EDINA, Minn. -- The start of the NHL season is more than two months away, but it felt like it was right around the corner at Braemar Arena on Thursday.
Fans filled the rink for an evening of three 4-on-4 games in the inaugural season of Da Beauty League. Even with some players unavailable because of other commitments, the league's six teams featured 75 players from 16 NHL organizations, 14 minor league teams and seven NCAA teams. All of them either are from Minnesota or spend their summers there.
"It's funny to think it took this long to get something like this going with the amount of players that come back here," said New York Rangers captain Ryan McDonagh, a St. Paul, Minn., native who scored two goals to help Team Tradition rally for a 6-5 shootout win against RBC Wealth Management. "With the pros and colleges in the area and just the number of players who train here, it's been a great thing. I think all of us players didn't realize how big it was going to be and how many kids are having a blast just watching us."
Da Beauty League plays three games (two halves of 25 running minutes) a night on Tuesdays and Thursdays. The championship game is Aug. 10.
The list of NHL players who have participated since play began July 12 includes McDonagh, Derek Stepan (New York Rangers), Brady Skjei (New York Rangers), Matt Niskanen (Washington Capitals), David Backes (Boston Bruins), Zach Parise (Minnesota Wild), Dustin Byfuglien (Winnipeg Jets), James van Riemsdyk (Toronto Maple Leafs), Jake Gardiner (Toronto Maple Leafs), Alex Goligoski (Arizona Coyotes), Paul Martin (San Jose Sharks), Thomas Vanek (Detroit Red Wings), Brock Nelson (New York Islanders), Anders Lee (New York Islanders), Nick Leddy (New York Islanders), Matt Carle (Nashville Predators) and Nick Bjugstad (Florida Panthers). Of that group, only Carle, Vanek and van Riemsdyk aren't Minnesota natives. Vanek played college hockey at the University of Minnesota and the past two seasons with the Wild.
"You've got a lot of Minnesota guys that come back every summer, and hockey is a very tight-knit group of guys in general," said Leddy, who is from Eden Prairie, Minn. "It's fun coming back and getting with a lot of old buddies that you may not have played with for a long time or haven't seen the whole season or summer."
Player agents Chris McAlpine and Ben Hankinson of Octagon Hockey were instrumental in helping form Da Beauty League, along with co-founders Terry Moore, Tony Michel and Josh Schaub. Most NHL players begin informal skates in mid-August to get ready for training camp. With so many players in the area throughout the summer, it made sense to try to do something earlier. Each of the six teams is sponsored by a local business.
"We kind of threw it around a little bit and then just put some feelers out with some of the guys, and guys were like, 'Yeah, that would be kind of cool,'" McAlpine said. "Then we started putting it together and deciding if we were going to go with it or not and decided to go full throttle, and it's just been great."
The league's name demonstrates the lighthearted atmosphere it is trying to promote.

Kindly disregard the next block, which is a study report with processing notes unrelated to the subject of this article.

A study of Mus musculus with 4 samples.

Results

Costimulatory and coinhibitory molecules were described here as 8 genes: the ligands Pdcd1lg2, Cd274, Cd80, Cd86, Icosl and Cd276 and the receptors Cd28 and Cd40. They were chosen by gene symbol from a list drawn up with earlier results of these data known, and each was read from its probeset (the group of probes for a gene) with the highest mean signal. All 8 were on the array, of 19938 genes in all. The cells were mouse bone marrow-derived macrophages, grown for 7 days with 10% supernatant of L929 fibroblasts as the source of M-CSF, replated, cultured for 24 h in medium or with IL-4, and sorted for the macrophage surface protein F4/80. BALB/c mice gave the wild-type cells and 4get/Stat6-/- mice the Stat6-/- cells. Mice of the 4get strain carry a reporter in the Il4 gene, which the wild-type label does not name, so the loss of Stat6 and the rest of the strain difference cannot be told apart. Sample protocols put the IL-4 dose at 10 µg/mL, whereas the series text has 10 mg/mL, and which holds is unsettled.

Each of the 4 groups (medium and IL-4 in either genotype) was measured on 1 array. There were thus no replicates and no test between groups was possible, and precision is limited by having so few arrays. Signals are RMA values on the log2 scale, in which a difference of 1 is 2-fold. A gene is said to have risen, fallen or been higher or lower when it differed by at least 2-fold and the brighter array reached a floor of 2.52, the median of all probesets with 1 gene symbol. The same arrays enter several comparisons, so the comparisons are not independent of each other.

"We kind of went off how players [say], 'He's a beauty,'" McAlpine said. "That's how we came up with and ran with it."
Da Beauty League's champion will receive the John Scott Cup, named for the most valuable player of the 2016 Honda NHL All-Star Game in Nashville. Scott, a Hankinson client, is listed on the league's website as its "Very Part-Time Honorary Commissioner." Da Beauty League's logo is a silhouette of Scott reaching down to touch the ice while celebrating one of his All-Star Game goals.
"He's definitely a beauty coming off an NHL All-Star MVP and a whirlwind year," McAlpine said of Scott.
Admission is $5 for the night with season passes available for $25. Children shorter than the cutout picture of 6-foot-5 Byfuglien in the arena lobby get in free, so it's an affordable setting for a young fan to watch some NHL stars and others on the rise.
All proceeds go to charity, including the United Heroes League (formerly Defending the Blue Line), which helps provide hockey equipment, game tickets, cash grants and funding for summer camps to military families in the U.S. and Canada.
"You look at the players and there's a lot of NHL guys, established players," said Skjei, who will be looking to earn a regular spot on the Rangers defense this season. "The competition is good and it goes to a good cause too."
No one seems to take the competition too seriously. That was evident Thursday when goaltender Adam Wilcox, a Tampa Bay Lightning prospect playing for the Aspire Beverages team, joined the play in the offensive zone in the final seconds of an 8-4 loss to the SportsDigita team.
"I missed the first two weeks and I heard from my other buddies that were playing that it was packed," said van Riemsdyk, who scored three goals for SportsDigita. "I came here for the first time to play on Tuesday and there were lots of people here, so it makes it fun."
After each game, young fans wait for players to sign autographs by the Zamboni entrance. Bjugstad, a Minneapolis native who had 15 goals and 19 assists in 67 games last season with the Panthers, spent more than 15 minutes signing every shirt and hat handed to him.
"It's the middle of the summer and you see all these kids out here, so you've got to put in the time," Bjugstad said. "There's a reason why we're playing. We looked up to players just like this when we were kids, so you've got to take the time and hang out with the kids and have some fun with them."